Quadra-Fire Santa Fe Auger Lubrication?

Lancaster, PA
I know that practically all the books for these stoves say that lubricating the motors are unnecessary however considering my model is from 2006 I'd imagine it can't hurt. I do recall Sidecarflip and others mentioning they lube theirs with 3-in-1/SAE20. I'd like to attempt this on my Santa Fe unit.

Looking at the exploded diagram I am unsure of what to lube and where exactly and if a replacement gasket will be needed.

Attached is a diagram below. Do I just remove the 4 screws holding the feed motor and lube inside this area? Is replacing the nylon bearing necessary or is it probably OK? Auger is working fine, but I bought this as a used unit so previous maintenance history is unknown.

33.2 is the motor, you can try to oil the bearings the nylon bushing is better off dry.
Bearing inside 33.2? Will gasket 33.5 need replaced if I remove the 4 screws for the motor housing?
No i have reused them as long as they are not fubar’d
Haven't gotten around to this yet, but for clarity (sorry if these seem like dumb questions I just want to take apart the right things without making it more complicated):

I found a picture of a new unit

Basically, I remove the 4 outer screws (not shown in this picture) then pull the assembly out slightly enough to expose the collar (part 33.3 in the previous diagram) AND/OR 33.7 set screw (whichever is exposed on the shaft assembly first) and loosen that set screw. This will avoid me having to pull the entire auger assembly (and not having to empty the entire hopper)? This exact component shown above, part 812-4421 should be the only thing that comes out. I then remove that top center screw (theres a bottom center screw not shown in this picture need to remove that as well) and the top cover comes off. Inside there should be some sort of bearing. Unknown if it is a steel sealed bearing, exposed roller, or rubber seal (which is removable if careful) bearing? If it's exposed or rubber I should be able to add some 3 in 1/SAE20 to it and put it all back together. If it's steel I would have to very careful make a tiny hole somewhere enough to use a syringe needle to pump the oil into it and ideally you would solder that hole closed, but I guess it doesn't really matter so much.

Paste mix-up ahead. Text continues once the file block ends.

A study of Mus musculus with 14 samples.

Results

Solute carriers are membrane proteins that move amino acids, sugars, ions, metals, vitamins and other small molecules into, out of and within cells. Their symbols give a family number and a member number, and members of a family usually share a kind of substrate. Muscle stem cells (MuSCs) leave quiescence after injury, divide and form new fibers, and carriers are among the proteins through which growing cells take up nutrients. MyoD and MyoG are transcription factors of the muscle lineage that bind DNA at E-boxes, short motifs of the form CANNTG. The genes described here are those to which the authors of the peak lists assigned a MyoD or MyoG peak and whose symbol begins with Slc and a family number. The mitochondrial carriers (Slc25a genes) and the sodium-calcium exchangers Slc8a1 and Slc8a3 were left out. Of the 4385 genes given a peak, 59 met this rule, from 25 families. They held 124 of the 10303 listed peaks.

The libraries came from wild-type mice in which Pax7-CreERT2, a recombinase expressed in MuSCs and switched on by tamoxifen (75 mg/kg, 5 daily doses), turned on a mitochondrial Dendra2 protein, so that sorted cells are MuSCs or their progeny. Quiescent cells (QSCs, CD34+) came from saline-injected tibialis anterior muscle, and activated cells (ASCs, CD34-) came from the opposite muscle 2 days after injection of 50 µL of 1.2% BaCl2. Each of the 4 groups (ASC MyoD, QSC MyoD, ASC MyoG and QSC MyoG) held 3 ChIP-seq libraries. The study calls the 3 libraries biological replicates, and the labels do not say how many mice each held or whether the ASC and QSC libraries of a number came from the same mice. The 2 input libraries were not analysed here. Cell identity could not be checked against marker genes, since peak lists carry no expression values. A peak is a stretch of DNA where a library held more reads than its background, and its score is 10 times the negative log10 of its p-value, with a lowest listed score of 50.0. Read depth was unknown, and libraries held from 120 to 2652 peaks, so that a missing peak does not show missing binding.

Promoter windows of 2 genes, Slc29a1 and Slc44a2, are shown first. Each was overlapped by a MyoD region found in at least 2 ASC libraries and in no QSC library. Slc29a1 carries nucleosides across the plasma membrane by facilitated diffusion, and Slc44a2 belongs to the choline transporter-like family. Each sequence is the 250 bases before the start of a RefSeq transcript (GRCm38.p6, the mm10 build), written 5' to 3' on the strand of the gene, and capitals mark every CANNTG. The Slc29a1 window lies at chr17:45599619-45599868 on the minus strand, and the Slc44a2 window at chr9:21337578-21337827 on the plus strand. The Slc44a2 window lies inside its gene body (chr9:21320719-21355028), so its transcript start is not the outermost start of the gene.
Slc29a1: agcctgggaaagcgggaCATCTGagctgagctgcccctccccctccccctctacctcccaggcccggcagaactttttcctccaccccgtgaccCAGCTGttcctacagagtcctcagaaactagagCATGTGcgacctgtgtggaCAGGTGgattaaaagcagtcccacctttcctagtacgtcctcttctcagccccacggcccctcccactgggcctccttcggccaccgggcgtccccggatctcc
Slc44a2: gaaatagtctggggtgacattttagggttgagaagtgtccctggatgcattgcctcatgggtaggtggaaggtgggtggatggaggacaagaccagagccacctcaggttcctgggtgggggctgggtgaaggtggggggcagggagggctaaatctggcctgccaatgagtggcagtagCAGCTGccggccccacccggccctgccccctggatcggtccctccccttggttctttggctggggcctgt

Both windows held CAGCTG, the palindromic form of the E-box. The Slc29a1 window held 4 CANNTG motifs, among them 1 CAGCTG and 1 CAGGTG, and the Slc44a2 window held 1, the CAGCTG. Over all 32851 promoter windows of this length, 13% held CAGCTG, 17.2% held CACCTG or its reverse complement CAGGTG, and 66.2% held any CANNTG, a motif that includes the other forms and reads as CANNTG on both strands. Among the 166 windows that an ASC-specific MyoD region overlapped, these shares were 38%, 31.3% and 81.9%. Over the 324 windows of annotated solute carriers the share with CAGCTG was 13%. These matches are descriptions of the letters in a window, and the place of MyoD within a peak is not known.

Thanks in advance. Sorry if the questions seem a bit silly, but I've learned from doing autobody and some DIY mechanics over the years that it pays to stop, look at what your doing, read the manual if available, and go slow. Otherwise you can make the job 10 times harder and spend more money because you made a mistake, got ham handed and/or did it all in a hurry.